Received: 03-10-2013 -- Accepted: 27-11-2013 --
Published (online): 01-05-2014
The hypothesis that an enjoyable distraction during exercise will augment the intensity of positive mood post-exercise was tested. A sample of 84 undergraduate students rated their mood and arousal before and after a standardized exercise, which consisted of walking on a treadmill at a pace of 3.6 mph for 10 minutes. During the work out session, participants watched the same television show, which they previously rated as enjoyable, or not enjoyable. As added controls, a third group exercised with no distraction (the TV was turned off); a fourth group did not exercise, but watched the television show. The results showed that exercise alone was sufficient to increase pleasant mood (95% CI 0.61, 1.46) and that including an enjoyable distraction during exercise significantly augmented pleasant mood compared to all other groups (95% CI 1.58, 2.99; R2 = 0.29). These results show that the enjoyment of a distraction is a key factor that can augment the intensity of positive mood following exercise.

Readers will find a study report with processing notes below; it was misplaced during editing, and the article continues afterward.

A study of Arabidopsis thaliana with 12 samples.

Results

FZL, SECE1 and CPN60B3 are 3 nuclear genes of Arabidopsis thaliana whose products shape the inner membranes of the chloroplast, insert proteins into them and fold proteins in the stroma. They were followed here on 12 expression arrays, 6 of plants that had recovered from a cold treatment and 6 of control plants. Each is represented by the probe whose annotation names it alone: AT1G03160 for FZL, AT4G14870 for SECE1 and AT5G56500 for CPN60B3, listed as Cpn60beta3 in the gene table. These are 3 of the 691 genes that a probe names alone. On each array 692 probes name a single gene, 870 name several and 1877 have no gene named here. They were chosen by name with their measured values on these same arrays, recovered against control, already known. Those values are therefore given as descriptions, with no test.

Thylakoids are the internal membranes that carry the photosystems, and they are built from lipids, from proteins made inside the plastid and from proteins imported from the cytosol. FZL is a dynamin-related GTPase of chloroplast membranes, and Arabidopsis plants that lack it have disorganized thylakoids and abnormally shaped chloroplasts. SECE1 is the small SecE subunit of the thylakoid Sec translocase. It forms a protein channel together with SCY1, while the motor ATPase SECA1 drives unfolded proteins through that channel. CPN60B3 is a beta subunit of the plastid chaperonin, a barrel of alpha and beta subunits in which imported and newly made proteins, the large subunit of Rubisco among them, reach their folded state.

The hypothesis that an enjoyable distraction during exercise will augment the intensity of positive mood post-exercise was tested.
The results support this hypothesis by showing for the first time that while exercise alone was sufficient to increase the intensity of positive mood; combining exercise with an enjoyable distraction resulted in significantly greater increases in pleasant mood compared to exercise alone.
Accounting for the enjoyment of a distraction type in future studies can increase the sensitivity of research designs used to detect changes in positive mood post-exercise.
Abigail L. Szal, Gregory J. Privitera, Danielle E. Antonelli,
An Enjoyable Distraction During Exercise Augments the Positive Effects of Exercise on Mood.
Journal of Sports Science and Medicine(13), 266 - 270.